Friday, June 19, 2015



On Facebook, yesterday, in response to the shootings at Emanuel AME Zion Church in Charleston I wrote as a “status update,”

... home cleaning my oven and packing boxes and dreaming of an exciting future while time has stopped at Emanuel AME Zion in S. Carolina. Prayers for the victims of this horrific and intolerable act of violence. Prayers for the families, for the shaken community, for those who investigate the crime and for the perpetrator whose illness has turned to evil incarnate. Prayers all the way around. Pray for peace.

I prayed through the day, offering my small voice to the cacophony of outrage and shock and sadness being raised to God across the country.  I found myself despairing about the violence and racism in this place that we call home, and wondering about the politics that tangle up the progress of making our country as safe as it should be.
I read the latest breaking articles about this tragedy, watched President Obama address the nation and peered into the eyes of the boy-killer in his mug shot trying to find something in all of this that would make sense.

For me, prayer in times like these is about offering our own pain to God… it is about lifting up the pain of others to the One whom we call the Comforter, our Advocate… and it is about turning to our source of strength to empower us to enable change.  When I pray to God I do not ask for God’s magic wand to wave over us and make us better… as much as I pray for an outpouring of grace, courage and fortitude to pull me to my feet.

There are petitions to sign, church bells to ring in memory of the 9 who were killed on Wednesday, and letters to write.  One way that I will be participating in actively praying for change will be to march with my brothers and sisters on Sunday, June 28 in the streets of Salt Lake City along with the Bishops United Against Gun Violence. (For more info see )
This peace march was planned long before Wednesday, and now, we need more than ever to join together in prayer and to make a public witness to the need for change.

I am also turning to my Bible for renewed study and prayer, hoping to gain insight through the Word of God.  I lay in bed last night making a mental list of stories to read and study and pray my way through that might guide me.  I’m not looking for clarity- I believe that in the midst of tragedy like this there is little clarity and few answers- but there is always insight to be gained.  And so I want to visit the stories of God’s people that speak of our brokenness… and of God’s dream of a restored and new Creation.  I will read, again, the first story of human violence in our spiritual lexicon:  Cain and Abel.  I want to sit with the stories of conquest in Joshua, Kings and Chronicles and read them from the other side. I will read the parables that sound so “right” from their titles, (The Great Banquet) but end with weeping and gnashing of teeth and the killing of slaves (Matthew 22).  And then, I will read for Hope.  Isaiah 11, Isaiah 61 and Revelation 22. Pictures of a peaceable Kingdom, of The Good News of Deliverance and a New Jerusalem. These passages carry me through the darkest of days knowing that God’s dream is one of wholeness and restoration and peace. It is a dream that I am willing to put my shoulder to the wheel for… and that, with God’s grace, will come… in the fullness of time and, maybe even, in small points of light between now and then.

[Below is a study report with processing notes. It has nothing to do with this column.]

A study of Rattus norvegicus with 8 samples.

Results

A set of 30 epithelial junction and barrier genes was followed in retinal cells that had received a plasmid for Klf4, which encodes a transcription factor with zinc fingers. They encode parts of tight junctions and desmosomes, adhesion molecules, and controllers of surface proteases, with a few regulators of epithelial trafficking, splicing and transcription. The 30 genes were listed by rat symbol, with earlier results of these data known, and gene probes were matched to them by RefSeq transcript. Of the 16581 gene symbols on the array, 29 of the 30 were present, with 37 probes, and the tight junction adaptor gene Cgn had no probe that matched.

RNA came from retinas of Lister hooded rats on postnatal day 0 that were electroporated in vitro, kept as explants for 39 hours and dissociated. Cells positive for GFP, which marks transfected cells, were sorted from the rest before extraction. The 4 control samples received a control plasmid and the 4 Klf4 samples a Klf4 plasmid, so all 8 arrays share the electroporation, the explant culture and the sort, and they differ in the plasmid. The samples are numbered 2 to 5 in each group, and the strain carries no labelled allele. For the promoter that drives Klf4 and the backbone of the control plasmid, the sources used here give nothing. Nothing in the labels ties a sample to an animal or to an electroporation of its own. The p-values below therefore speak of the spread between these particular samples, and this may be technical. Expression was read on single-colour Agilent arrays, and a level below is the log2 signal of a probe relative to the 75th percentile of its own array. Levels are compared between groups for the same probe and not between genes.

How are you moving in this time- finding your way in the world after Wednesday?

Pray.  And then pray some more. For peace.

1 comment:

  1. Interesting approach, that--thinking over the Biblical stories that might offer grace and insight. Today I thought about the parable of the king with a vineyard who went away to another country and sent messengers to collect the rent from the unworthy tenants--finally sending the heir, who was also killed (in an attempt to get rid of the king)-- and we are told to wait for the king's expected action. That led me to Jesus' command? suggestion? that we turn the other cheek-- These fit together so strangely that they seem to speak together to our complicated circumstances of violence, hatred, terror and sorrow. I liked the MP reading for 6/22--the account of the very presence of the Ark causing gods to fall over and break, and tumors to rise in the citizens of the Philistine city holding it captive. It seems to me that the holiness of Presence at Mother Emmanuel in the midst of our violent, racist culture could be akin to the Ark--holiness causing eruptions of all that is false. But what of people who do not find church a helpful source for understanding and finding direction? On Thursday, my daughter sent me the link to Jon Stewart's Wednesday night show. His eloquence, his honesty and his own pain was deeply moving.. He said, looking directly into the camera, "And you know--you know nothing is going to change." He is too honest to add a condemnatory challenge. His plain acknowledgement of the truth about our national passivity in the face of evil and terror was inspiring because he was so uninterested in revenge or hatred, and so grateful for the peaceful, courageous witness of his guest that evening, Malala Yousfazai. I'm grateful that so many unchurched have (until August) access to such powerful and trusted voices of truth as Jon Stewart's. I find myself praying for a grace I cannot yet articulate, but I wish I could. I did my chores and gardening over the weekend and found myself thinking of Chamberlain and Clemenceau. Maybe I'm praying that our witness have the grit of MLK's hope and Gandhi's determination. Maybe Jesus' parable about the king's vineyard and the unworthy tenants is left with an open-ended question so we can find our way to witness to justice and love in our own time. Now.